If You Can't Beat 'Em, Join 'Em (and Then Say You Beat 'Em)


Complaints about corporate money and influence in politics are a constant in American political discourse, with complainers typically grousing that industry cash and power stifle proper regulation. But too often, despite claims that regulation is some sort of victory against corporate power, federal meddling just makes the government an industry partner (for perhaps the most notorious example, see the tobacco industry's win-win deal with the government). And thus, as in this Politico story about political battles being waged by drug manufacturers, political actors necessarily become subject to corporate blowback and power plays whenever there's some indication the politicians might not be playing along:

A Senate-side deal last month with drug manufacturers is coming back to bite House Democrats looking for savings to pay for their own health care reform bill this summer. 

Having struck a bargain with Senate Finance Committee Chairman Max Baucus (D-Mont.), the industry is aggressively targeting individual House Democrats, warning of repercussions in the 2010 elections if they go along with a tougher set of savings advocated by House Energy and Commerce Committee Chairman Henry Waxman (D-Calif.).

…PhRMA, the powerful Pharmaceutical Research and Manufacturers Association lobby, is openly playing one chairman against the other.

Political considerations make it difficult to overhaul the health-care industry without input from the affected corporate players. So even though PhRMA's offer to reduce the cost of drugs for seniors was called "historic," it's little more than political wheeling and dealing. And the result is that drug industry operations have been pushed further into the realm of politics. The industry's success or failure now hinges to an even greater degree on decisions made by politicians; consequently, that's where drug makers are going to focus their attention. The whole process just leads to greater corporate-political entanglement, no matter what victories the regulators claim. Want to reduce corporate influence over government? Try cutting back on government influence over corporations.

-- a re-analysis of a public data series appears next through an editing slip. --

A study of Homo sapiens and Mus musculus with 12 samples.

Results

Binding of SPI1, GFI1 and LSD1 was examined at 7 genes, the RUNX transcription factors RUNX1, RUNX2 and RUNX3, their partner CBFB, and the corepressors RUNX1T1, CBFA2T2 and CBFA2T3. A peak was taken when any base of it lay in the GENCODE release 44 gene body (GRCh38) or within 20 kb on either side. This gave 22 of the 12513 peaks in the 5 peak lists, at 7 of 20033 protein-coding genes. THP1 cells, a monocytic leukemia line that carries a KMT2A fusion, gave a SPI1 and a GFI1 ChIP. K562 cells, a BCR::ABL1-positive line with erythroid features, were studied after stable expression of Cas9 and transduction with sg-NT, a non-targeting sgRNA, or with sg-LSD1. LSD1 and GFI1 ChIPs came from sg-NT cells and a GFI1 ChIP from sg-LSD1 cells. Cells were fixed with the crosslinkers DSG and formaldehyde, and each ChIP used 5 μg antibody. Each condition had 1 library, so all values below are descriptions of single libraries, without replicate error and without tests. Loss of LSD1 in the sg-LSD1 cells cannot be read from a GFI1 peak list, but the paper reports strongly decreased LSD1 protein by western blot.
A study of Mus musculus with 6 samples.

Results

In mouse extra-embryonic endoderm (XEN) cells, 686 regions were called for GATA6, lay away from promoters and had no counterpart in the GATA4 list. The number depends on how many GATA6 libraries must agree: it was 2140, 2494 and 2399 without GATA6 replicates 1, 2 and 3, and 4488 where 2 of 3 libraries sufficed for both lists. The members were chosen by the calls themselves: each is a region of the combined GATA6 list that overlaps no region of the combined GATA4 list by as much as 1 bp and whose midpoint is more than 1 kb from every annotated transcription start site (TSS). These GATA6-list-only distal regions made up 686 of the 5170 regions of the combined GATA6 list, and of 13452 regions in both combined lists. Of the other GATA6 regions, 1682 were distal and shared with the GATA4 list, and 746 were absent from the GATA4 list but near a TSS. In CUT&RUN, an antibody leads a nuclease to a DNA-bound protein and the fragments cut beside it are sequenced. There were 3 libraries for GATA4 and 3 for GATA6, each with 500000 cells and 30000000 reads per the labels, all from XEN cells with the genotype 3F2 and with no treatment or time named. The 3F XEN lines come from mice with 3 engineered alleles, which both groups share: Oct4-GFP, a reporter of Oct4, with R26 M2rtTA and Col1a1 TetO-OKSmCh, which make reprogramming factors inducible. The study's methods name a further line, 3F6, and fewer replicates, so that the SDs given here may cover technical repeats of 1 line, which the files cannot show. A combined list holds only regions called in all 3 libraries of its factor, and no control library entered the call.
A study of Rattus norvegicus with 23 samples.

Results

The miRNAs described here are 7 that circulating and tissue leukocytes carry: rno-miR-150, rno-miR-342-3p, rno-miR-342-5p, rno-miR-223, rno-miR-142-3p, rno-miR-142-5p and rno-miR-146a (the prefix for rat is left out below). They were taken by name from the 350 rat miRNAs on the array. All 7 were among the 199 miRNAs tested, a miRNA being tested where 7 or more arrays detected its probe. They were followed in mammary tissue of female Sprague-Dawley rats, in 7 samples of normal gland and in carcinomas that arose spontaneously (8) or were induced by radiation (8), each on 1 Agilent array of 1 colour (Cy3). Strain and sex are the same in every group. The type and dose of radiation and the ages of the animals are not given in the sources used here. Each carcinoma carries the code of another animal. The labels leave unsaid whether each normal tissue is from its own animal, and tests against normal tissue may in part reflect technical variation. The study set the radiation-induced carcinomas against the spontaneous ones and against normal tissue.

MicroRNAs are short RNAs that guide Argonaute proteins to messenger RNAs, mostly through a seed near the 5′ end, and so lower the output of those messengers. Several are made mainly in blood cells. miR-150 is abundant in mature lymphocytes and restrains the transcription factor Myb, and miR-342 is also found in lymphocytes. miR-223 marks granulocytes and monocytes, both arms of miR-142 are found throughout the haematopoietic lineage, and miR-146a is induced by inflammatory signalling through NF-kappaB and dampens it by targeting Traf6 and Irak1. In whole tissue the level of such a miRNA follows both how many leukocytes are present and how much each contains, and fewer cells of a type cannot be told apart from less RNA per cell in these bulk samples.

Update: The Post reports that the health-care industry has hired hundreds of former government employees as lobbyists. The piece warns of a "record-breaking influence campaign by the health-care industry." But isn't that exactly what's to be expected in the midst of an equally massive attempt to revamp the entire national health-care system? This shouldn't surprise anyone: Any move toward greater government involvement in health-care is going to lead toward increased health-care lobbying of government.